Re: D vs VM-based platforms
lubosh Wrote:
> Do we really need yet another layer between hardware and our code? 

Both JVM and CLR (.NET) are badly designed. Both platforms are too tightly tied to Java and C# languages. They are too bloated to provide sufficient security guarantees or performance gains.

Fundamentally, we don't need another layer between hardware and code. But since design of our typical hardware (like x86) is not very good either, VM can actually improve both performance (hardware sandboxing, for example, does not perform very well and doesn't allow enough granularity) and security (native code is extremely difficult to analyze from security point of view). VM then basically becomes what your hardware should be.

I'm generally in favor of lightweight VMs that hide hardware deficiencies and differences. Such VM can improve code compactness, allow for more aggressive inlining, provide security and reliability guarantees,... Another significant advantage is that it would greatly reduce complexity of generating code at runtime (and generally promote a more layered approach to computation, like Lisp-like features).
May 02, 2007
Re: D vs VM-based platforms
Have you checked out the work of Ian Piumarta? He has done some very intersting work on 'live' compilation of dynamic languages to native code. He is currently working with Alan Kay on their next generation smalltalk, but the technology seems to be applicable to most languages.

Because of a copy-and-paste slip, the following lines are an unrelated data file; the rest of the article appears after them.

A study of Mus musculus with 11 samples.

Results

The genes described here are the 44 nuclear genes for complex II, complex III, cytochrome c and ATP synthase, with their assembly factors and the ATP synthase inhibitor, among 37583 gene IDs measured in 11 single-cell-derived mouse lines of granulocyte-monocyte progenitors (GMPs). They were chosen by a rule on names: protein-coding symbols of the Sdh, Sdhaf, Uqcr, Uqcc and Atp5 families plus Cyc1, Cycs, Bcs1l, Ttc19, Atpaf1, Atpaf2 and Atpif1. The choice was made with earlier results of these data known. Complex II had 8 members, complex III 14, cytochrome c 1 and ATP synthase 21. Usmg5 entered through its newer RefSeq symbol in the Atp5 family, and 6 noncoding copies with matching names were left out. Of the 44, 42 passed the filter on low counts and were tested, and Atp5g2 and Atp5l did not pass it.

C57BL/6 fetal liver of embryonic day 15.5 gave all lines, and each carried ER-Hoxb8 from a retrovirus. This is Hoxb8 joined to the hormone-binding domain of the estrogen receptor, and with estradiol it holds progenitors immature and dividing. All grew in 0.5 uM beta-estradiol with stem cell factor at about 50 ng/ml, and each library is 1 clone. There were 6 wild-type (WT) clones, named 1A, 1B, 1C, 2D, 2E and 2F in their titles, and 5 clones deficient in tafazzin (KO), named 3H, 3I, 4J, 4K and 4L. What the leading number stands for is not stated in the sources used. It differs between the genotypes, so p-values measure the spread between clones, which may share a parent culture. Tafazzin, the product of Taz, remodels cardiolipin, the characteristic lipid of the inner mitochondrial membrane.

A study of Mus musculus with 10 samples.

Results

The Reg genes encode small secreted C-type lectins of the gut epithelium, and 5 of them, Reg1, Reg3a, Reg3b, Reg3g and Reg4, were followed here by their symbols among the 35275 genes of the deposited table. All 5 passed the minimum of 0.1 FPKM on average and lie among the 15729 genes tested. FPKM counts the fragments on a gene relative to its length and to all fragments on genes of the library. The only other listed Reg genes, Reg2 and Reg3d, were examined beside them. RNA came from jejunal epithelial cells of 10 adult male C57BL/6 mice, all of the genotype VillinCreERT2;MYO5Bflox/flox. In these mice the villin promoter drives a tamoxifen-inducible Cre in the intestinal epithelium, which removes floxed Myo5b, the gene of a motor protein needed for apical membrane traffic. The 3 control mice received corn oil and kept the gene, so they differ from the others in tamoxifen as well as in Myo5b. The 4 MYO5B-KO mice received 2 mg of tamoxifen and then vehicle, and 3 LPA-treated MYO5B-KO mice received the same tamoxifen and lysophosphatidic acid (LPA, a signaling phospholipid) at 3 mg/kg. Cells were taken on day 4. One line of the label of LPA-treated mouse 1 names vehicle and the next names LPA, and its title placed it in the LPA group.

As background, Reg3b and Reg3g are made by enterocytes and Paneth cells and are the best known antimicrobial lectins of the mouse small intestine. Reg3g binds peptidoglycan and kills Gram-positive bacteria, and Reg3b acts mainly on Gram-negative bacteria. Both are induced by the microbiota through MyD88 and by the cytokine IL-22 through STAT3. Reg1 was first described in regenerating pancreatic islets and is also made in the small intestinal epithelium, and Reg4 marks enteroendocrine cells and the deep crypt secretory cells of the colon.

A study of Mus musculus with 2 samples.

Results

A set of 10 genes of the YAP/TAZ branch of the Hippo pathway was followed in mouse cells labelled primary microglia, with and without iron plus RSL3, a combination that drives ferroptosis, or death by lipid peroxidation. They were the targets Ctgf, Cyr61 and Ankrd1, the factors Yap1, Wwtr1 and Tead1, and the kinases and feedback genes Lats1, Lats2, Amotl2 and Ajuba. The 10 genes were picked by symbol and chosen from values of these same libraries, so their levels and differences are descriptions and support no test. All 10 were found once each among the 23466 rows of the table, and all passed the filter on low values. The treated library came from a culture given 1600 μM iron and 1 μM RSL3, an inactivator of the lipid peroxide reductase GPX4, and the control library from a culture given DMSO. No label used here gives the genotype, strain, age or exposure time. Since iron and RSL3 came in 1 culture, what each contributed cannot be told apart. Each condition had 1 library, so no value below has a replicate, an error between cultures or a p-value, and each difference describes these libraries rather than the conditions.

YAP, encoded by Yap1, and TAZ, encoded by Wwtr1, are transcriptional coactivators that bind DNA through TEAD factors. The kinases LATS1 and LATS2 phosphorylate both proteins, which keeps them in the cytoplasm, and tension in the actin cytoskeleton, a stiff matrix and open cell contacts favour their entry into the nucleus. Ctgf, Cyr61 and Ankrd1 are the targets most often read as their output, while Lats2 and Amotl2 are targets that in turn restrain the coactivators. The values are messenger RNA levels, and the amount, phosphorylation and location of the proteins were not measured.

Links to a lot of info can be found in this blog post:
http://www.equi4.com/jcw/files/bcf5635ccbc5b6ab916a38ef7aaa844b-139.html

Boris Kolar Wrote:
> Both JVM and CLR (.NET) are badly designed. Both platforms are too tightly tied to Java and C# languages. They are too bloated to provide sufficient security guarantees or performance gains.
> 
> Fundamentally, we don't need another layer between hardware and code. But since design of our typical hardware (like x86) is not very good either, VM can actually improve both performance (hardware sandboxing, for example, does not perform very well and doesn't allow enough granularity) and security (native code is extremely difficult to analyze from security point of view). VM then basically becomes what your hardware should be.
> 
> I'm generally in favor of lightweight VMs that hide hardware deficiencies and differences. Such VM can improve code compactness, allow for more aggressive inlining, provide security and reliability guarantees,... Another significant advantage is that it would greatly reduce complexity of generating code at runtime (and generally promote a more layered approach to computation, like Lisp-like features).